Florida horses bring comfort to Newtown children
Updated On: Jan 03 2013 09:08:05 PM EST
When the children of Sandy Hook Elementary School returned to classes Thursday, they were greeted by some very special visitors from Florida: three miniature horses specially trained as therapy animals.
The horses joined some therapy dogs welcoming the children as they returned to school for the first time since the massacre in Newtown, Conn., that took the lives of 20 classmates, five adults and their principal.
IMAGES: Horses at Sandy Hook Elementary
"To really be able to have horses in places that are unexpected, is just a great way for everyone to be talking and excited and thinking about something positive," said Debbie Garcia, of Gentle Carousel Miniature Therapy Horses.
Garcia and three of the horses from a farm outside Gainesville were invited to Newtown by the mother of one of the victims. The miniature horses nuzzled up against the kids, kissing and loving on them, making many smile for the first time since they saw their friends carried away in caskets.
"It really has been very heart-warming and bittersweet," Garcia said. "People being incredibly kind in a very, very difficult situation."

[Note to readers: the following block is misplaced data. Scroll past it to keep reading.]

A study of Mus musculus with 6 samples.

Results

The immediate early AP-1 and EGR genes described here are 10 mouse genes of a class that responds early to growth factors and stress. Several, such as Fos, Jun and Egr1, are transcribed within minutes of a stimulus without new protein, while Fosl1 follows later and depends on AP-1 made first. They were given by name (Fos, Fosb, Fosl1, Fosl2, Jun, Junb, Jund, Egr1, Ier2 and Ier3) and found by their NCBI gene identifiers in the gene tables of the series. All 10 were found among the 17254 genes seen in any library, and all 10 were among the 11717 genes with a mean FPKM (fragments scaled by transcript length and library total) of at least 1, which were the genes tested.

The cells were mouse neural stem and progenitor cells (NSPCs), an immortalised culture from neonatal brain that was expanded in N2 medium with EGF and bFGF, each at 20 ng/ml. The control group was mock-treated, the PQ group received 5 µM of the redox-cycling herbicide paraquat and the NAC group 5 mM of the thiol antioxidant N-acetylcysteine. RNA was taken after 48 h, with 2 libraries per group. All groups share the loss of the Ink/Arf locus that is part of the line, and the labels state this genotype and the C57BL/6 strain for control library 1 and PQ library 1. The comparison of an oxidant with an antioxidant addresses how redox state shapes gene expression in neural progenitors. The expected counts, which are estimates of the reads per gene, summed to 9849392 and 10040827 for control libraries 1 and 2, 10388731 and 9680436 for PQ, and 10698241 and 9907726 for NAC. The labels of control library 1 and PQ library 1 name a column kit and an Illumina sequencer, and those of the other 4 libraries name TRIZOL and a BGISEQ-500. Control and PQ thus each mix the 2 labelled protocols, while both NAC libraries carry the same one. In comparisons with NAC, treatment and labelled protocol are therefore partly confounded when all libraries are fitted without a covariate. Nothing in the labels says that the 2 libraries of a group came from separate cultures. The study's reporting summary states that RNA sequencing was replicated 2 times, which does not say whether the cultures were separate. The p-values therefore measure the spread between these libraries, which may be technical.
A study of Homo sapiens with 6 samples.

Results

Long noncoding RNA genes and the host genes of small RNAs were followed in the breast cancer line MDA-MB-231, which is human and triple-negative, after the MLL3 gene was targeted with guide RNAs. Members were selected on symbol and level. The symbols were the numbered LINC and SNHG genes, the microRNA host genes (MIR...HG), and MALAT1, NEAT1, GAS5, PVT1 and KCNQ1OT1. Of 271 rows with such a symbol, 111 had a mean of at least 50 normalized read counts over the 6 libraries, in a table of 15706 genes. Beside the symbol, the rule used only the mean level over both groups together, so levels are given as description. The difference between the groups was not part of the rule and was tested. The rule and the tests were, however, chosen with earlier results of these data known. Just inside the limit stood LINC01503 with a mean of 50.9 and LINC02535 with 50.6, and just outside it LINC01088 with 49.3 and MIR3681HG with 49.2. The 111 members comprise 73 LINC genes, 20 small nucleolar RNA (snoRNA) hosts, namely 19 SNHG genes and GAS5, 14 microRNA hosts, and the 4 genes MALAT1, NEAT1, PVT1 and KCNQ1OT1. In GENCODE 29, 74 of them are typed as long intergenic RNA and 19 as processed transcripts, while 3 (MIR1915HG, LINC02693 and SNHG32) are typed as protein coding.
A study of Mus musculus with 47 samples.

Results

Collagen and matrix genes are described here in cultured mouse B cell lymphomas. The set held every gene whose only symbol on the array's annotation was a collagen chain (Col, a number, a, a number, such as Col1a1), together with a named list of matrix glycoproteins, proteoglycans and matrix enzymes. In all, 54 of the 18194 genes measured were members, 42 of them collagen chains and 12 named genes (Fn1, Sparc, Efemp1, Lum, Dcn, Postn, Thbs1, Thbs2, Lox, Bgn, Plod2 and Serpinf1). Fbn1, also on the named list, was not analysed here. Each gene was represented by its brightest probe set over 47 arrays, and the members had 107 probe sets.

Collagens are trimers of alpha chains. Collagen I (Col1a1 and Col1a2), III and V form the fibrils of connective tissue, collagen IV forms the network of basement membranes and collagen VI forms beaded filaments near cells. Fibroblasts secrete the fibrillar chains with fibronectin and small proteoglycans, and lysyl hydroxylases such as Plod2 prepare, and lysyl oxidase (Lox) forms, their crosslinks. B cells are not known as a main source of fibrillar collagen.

Magic, Wokanda and Aladdin are part of the Alachua nonprofit group that uses the miniature horses to help people who are hurting heal.
"We were reading a book about our horse, Magic, and there were some funny scenes from the book and funny things in the book, and to see the kids laughing and having a good time and being kids is so important," Garcia said.
The horses and volunteers made the trip over the weekend, and have spent the last couple days spending time with first responders, who have their own issues coping with the gruesome scene they encountered on December 14.
"Everyone wants to get down and get a hug and a picture and be with the horses," Garcia said. "It just is something fun and different that they can do that's not serious."
Garcia and the other volunteers were happy to help the people of Newtown create new memories in their new classrooms, a place where they should feel safe and loved.
"You always leave feeling like that was where you were supposed to be," Garcia said of Thursday's experience. "We feel like this is where we were supposed to be. Not the first week when it happened, but now that there's really time to focus on the people and be private and be out of the limelight and really just try to meet some needs."